Why we hate fire drills

There’s no denying it – the constant fire alarms are the worst thing about RHUL

On a Wednesday afternoon in a student’s room, music playing and no rain falling outside, a fire drill sounding is hardly an issue. In fact, it’s hardly inconvenient to slip some shoes on, grab something warm, remember the key, and make your way outside and away from the building, eyeing the crowd for friends to chat with.

Only a few minutes later –at most ten – the shrieking of the drill ceases and everyone meanders back indoors to resume whatever they were doing.

The situation takes a turn for the incredibly-irritating and totally-unacceptable, when this simple drill occurs at 1:15 in the morning. For the unlucky students who chose to get an early night and haven’t been up partying or spending time with friends, it’s a most brutal awakening.

Think of an alarm clock. In the case of an iPhone alarm it may be the obnoxious duck-quacking noise, and in others it may just be your traditional ring.

Now think about that exact feeling you have at 7:00 in the morning, when the noise blares and your mind is ripped violently from its deep and silent slumber. It’s uncomfortable and annoying, and dread washes over you because this means you have to get out of bed.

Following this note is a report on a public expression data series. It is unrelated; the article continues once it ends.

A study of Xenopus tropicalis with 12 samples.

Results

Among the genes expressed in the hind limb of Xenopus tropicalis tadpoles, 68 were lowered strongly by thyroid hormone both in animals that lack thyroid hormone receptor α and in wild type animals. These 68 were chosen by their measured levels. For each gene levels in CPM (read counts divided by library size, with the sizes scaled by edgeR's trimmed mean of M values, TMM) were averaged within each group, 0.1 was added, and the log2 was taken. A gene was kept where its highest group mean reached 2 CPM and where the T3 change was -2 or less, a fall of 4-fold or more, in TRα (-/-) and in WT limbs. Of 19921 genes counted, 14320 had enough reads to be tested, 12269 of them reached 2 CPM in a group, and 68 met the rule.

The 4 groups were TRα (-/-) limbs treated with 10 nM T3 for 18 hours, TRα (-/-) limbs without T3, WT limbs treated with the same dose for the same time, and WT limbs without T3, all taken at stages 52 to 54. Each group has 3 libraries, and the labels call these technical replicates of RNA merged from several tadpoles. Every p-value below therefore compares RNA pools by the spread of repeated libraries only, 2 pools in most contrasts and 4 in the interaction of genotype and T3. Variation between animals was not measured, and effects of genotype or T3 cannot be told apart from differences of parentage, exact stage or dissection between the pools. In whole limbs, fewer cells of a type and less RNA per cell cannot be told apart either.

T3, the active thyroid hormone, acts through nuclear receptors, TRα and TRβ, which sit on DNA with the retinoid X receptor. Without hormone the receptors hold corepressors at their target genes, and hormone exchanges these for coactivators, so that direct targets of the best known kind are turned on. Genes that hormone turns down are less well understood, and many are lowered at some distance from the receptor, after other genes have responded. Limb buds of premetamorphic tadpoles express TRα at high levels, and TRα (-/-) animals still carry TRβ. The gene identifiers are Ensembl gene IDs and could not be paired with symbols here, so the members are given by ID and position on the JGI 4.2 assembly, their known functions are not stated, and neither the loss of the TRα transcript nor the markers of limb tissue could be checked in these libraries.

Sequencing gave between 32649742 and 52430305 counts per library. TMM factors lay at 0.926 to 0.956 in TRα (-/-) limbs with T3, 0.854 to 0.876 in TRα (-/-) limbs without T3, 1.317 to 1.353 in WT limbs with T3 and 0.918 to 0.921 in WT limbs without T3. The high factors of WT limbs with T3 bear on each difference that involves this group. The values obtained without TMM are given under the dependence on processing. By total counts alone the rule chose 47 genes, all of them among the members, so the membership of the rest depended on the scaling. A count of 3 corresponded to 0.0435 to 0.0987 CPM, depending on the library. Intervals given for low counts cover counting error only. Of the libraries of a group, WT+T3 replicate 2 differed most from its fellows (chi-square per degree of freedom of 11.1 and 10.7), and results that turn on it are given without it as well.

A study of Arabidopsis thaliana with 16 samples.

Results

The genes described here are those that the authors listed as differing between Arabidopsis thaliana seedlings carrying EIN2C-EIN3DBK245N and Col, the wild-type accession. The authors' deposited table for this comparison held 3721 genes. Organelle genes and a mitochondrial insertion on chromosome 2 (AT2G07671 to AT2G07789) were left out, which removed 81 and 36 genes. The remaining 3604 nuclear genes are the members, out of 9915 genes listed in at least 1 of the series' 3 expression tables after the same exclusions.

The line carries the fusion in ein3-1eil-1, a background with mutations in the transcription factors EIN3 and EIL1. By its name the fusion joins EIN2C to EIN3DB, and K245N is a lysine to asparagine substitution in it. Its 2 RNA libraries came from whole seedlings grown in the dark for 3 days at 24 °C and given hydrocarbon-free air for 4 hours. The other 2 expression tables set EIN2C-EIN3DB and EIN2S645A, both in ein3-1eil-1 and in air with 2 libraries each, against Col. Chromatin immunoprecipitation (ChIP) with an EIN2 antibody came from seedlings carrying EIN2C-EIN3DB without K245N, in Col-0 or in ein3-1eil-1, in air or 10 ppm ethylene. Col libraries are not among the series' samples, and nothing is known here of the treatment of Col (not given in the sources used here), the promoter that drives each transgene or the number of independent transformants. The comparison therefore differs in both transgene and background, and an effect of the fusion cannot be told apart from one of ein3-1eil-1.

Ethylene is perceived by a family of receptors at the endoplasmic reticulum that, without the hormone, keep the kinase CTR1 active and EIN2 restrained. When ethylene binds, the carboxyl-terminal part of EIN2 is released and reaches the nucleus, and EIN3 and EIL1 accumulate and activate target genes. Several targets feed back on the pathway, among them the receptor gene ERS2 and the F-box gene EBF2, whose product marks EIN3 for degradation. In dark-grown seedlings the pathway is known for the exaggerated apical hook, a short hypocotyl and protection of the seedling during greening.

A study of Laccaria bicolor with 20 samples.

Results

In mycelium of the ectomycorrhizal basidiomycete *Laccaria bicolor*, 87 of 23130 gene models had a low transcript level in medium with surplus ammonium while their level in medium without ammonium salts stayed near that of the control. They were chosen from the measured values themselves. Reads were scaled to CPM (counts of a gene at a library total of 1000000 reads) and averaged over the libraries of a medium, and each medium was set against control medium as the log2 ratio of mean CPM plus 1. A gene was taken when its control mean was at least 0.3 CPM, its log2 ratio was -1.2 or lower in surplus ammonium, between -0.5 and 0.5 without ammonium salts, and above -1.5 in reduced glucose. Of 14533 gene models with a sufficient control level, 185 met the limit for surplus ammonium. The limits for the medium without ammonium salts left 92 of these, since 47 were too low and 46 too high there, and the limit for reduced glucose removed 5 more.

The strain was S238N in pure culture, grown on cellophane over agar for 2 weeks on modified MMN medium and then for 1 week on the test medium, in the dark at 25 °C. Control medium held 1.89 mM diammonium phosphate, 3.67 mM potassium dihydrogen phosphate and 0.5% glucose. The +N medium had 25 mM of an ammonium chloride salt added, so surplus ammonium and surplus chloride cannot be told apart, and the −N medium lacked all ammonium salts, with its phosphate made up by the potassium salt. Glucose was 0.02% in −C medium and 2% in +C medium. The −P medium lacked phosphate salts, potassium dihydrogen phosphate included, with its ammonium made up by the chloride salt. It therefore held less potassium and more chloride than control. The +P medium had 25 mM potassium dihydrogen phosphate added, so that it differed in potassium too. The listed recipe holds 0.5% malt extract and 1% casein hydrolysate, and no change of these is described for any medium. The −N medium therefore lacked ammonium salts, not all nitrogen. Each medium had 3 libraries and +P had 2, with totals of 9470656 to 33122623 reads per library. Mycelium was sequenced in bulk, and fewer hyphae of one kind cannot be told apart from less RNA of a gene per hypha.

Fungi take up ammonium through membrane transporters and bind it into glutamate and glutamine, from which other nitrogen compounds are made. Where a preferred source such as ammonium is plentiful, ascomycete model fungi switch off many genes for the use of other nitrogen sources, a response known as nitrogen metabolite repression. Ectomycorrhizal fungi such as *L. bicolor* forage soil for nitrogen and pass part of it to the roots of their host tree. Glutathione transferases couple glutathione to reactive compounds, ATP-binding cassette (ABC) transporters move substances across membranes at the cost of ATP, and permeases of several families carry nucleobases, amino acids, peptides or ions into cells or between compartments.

Replace that alarm clock with the fire alarm in the building.  Not only do you have to get out of bed, but you have to put on shoes, throw on a jumper, and rummage around in the dark for your key and go out into the cold outside, eyes only half-open. The discomfort of this situation becomes almost unbearable if there is any trace of a hangover involved.

Bring it up at lunch and it is something almost every student has something to say about from, “We had to leave in the middle of a lecture,” to, “My hair was wet.”

And if there are any Kingswood students present, someone will definitely mention how irritating it is that if one building’s alarm goes off, everyone in Kingswood is awake regardless.

The constant fire drills throughout the year at Royal Holloway would not be such an annoyance if it weren’t for just how frequent they are, and how easily caused.

In the Kingswood showers there is a notice on the door warning students to keep the door closed while using the shower so that the steam does not set off the smoke alarm.

In the pantries there is an open window and a fan always running to let out the steam from the kettle or toasters.

Yet even after all of these adaptations, there is always that one student that burns a piece of toast and evacuates the entire building.

At the end of this rant my steam thins out and I remember that as a student fresh out of a secure home, I would rather have the uni take these measures to make sure we know how to react in the case of a real fire, than have chaos and confusion in the event of real danger.